Google, Overture Limit Pharmacy Ads — But Not In Free Listings

In just over a month, both major paid search providers Overture and Google have reacted to pressure to drop ads for unlicensed online pharmacies in the United States. But while the ads will be gone, the access to sites selling prescription medicines without proper approval will remain virtually unchanged.

I first saw the issue raised in a Wall Street Journal article at the end of October. also offered a good article, explaining how some online pharmacies wanted search advertising providers to crack down on sites they say let people purchase drugs without a prescription. The push was for only distributors certified by an industry organization to be allowed to advertise — currently, this includes 14 online pharmacies.

The US Federal Trade Commission also suggested in that article that search engines might find themselves liable if someone illegally purchases drugs from a company they let advertise. That suggests search engines might also find themselves liable for a range of other products that might be sold illegally, underscoring how complicated search marketing is getting, as it matures.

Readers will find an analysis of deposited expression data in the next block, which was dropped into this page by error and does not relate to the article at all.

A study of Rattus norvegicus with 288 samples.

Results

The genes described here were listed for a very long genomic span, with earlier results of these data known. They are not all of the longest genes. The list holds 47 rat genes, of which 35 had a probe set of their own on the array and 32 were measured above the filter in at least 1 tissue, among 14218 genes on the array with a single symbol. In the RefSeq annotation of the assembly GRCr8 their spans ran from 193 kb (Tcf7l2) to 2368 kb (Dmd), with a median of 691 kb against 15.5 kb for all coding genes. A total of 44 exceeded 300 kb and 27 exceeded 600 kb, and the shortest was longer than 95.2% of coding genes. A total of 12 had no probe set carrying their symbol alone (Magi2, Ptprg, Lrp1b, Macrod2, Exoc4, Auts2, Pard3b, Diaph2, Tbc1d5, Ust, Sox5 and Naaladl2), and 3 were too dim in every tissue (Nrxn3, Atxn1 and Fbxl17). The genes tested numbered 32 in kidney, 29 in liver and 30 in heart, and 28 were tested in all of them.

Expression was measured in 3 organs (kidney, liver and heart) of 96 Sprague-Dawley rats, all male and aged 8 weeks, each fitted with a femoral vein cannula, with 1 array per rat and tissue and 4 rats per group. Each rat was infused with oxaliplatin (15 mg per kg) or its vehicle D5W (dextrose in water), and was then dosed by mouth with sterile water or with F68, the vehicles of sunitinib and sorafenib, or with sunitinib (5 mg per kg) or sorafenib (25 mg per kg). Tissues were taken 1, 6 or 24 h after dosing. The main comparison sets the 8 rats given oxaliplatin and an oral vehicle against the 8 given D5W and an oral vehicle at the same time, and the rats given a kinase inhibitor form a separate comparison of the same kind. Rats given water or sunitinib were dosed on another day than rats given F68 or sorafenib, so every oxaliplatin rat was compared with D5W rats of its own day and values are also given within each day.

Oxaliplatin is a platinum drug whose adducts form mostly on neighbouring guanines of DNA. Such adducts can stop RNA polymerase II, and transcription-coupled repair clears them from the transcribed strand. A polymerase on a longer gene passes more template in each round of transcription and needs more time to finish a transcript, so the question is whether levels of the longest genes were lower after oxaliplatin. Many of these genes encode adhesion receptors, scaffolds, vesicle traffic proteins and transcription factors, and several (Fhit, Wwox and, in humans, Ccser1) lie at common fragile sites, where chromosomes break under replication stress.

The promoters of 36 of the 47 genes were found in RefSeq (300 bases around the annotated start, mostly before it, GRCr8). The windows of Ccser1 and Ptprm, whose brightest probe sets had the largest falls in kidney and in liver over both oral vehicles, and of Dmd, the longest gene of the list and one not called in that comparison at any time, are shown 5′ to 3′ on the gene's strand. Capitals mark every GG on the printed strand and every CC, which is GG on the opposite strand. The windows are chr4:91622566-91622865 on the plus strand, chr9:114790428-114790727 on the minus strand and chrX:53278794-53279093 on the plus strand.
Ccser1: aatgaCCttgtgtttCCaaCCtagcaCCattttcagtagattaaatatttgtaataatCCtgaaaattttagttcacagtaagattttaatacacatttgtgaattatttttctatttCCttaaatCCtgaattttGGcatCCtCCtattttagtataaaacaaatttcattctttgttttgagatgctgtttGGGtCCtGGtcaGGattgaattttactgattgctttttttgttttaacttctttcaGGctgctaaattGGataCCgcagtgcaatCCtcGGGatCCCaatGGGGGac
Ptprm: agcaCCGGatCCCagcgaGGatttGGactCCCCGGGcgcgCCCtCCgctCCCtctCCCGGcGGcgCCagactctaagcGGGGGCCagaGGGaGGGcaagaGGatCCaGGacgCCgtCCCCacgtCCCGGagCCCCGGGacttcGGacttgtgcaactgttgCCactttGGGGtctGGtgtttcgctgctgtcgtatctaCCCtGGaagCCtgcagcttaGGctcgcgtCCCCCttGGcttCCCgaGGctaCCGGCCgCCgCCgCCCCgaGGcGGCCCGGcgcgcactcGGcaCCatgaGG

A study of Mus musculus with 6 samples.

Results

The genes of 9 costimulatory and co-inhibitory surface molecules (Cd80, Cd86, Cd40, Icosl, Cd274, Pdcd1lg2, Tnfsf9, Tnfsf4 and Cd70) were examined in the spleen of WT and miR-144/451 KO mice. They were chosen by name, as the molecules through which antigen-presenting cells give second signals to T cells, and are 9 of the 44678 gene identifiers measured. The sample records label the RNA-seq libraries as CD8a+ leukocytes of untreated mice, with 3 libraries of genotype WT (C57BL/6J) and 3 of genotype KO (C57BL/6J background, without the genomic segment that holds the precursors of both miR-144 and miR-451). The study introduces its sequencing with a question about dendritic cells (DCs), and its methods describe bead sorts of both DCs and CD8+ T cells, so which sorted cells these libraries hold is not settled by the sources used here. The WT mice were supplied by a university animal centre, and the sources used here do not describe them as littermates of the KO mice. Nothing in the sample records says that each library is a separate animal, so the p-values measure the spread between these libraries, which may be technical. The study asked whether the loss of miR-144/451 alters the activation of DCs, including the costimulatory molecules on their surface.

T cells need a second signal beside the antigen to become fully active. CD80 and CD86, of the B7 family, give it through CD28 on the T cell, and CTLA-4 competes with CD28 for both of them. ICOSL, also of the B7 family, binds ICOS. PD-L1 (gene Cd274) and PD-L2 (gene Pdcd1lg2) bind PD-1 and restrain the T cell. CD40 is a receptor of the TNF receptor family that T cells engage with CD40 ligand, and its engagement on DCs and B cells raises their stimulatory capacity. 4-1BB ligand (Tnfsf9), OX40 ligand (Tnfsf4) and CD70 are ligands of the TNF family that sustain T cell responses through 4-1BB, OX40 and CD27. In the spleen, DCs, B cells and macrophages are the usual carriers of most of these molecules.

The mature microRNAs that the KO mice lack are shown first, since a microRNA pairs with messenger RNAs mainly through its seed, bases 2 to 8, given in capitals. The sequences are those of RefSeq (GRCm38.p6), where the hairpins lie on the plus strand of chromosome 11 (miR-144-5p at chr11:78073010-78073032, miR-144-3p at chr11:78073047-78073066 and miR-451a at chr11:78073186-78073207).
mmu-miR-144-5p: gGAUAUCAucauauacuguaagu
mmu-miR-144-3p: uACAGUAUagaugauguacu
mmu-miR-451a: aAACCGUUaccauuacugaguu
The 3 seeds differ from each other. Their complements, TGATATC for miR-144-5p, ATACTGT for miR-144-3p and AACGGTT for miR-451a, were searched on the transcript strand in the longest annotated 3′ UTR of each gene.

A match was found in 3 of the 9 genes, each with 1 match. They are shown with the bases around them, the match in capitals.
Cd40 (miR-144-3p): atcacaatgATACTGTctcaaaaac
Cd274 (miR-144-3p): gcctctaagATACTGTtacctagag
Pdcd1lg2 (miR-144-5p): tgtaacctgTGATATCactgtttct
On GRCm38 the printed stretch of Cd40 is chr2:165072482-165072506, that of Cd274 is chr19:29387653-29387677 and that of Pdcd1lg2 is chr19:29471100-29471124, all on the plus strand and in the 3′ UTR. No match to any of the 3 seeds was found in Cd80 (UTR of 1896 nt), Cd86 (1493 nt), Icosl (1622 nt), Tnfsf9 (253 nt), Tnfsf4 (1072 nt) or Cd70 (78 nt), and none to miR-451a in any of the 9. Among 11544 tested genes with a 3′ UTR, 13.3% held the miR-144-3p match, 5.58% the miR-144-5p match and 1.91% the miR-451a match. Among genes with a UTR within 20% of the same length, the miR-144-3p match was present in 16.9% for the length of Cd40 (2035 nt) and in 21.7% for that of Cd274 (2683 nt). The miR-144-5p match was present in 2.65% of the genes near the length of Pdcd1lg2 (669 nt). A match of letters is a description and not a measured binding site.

In early November, Overture gave in to the demands. Then yesterday, Google said it would do the same. A Washington Post article about the Google decision includes a poignant tale of a father whose son bought drugs from an unlicensed pharmacy and was later hospitalized.

He’s pleased that the ad changes will “save lives.” However, he — and anyone else concerned — had better watch their children closely. While the ads will go, listings for these companies will remain.

Try a search at Google for vicodin without prescription, and this is easily illustrated. There are plenty of sites in Google’s unpaid results pitching the ability to buy without a prescription. Nor is Google unusual — the same is true over at Yahoo, which has agreed to the ad ban. The ads are gone, but unpaid listings for these type of businesses remain.

To really stop access would require filtering of the unpaid results, and as I told a USA Today reporter doing a follow-up article on the issue, filtering out all of these sites from unpaid listings is fraught with problems.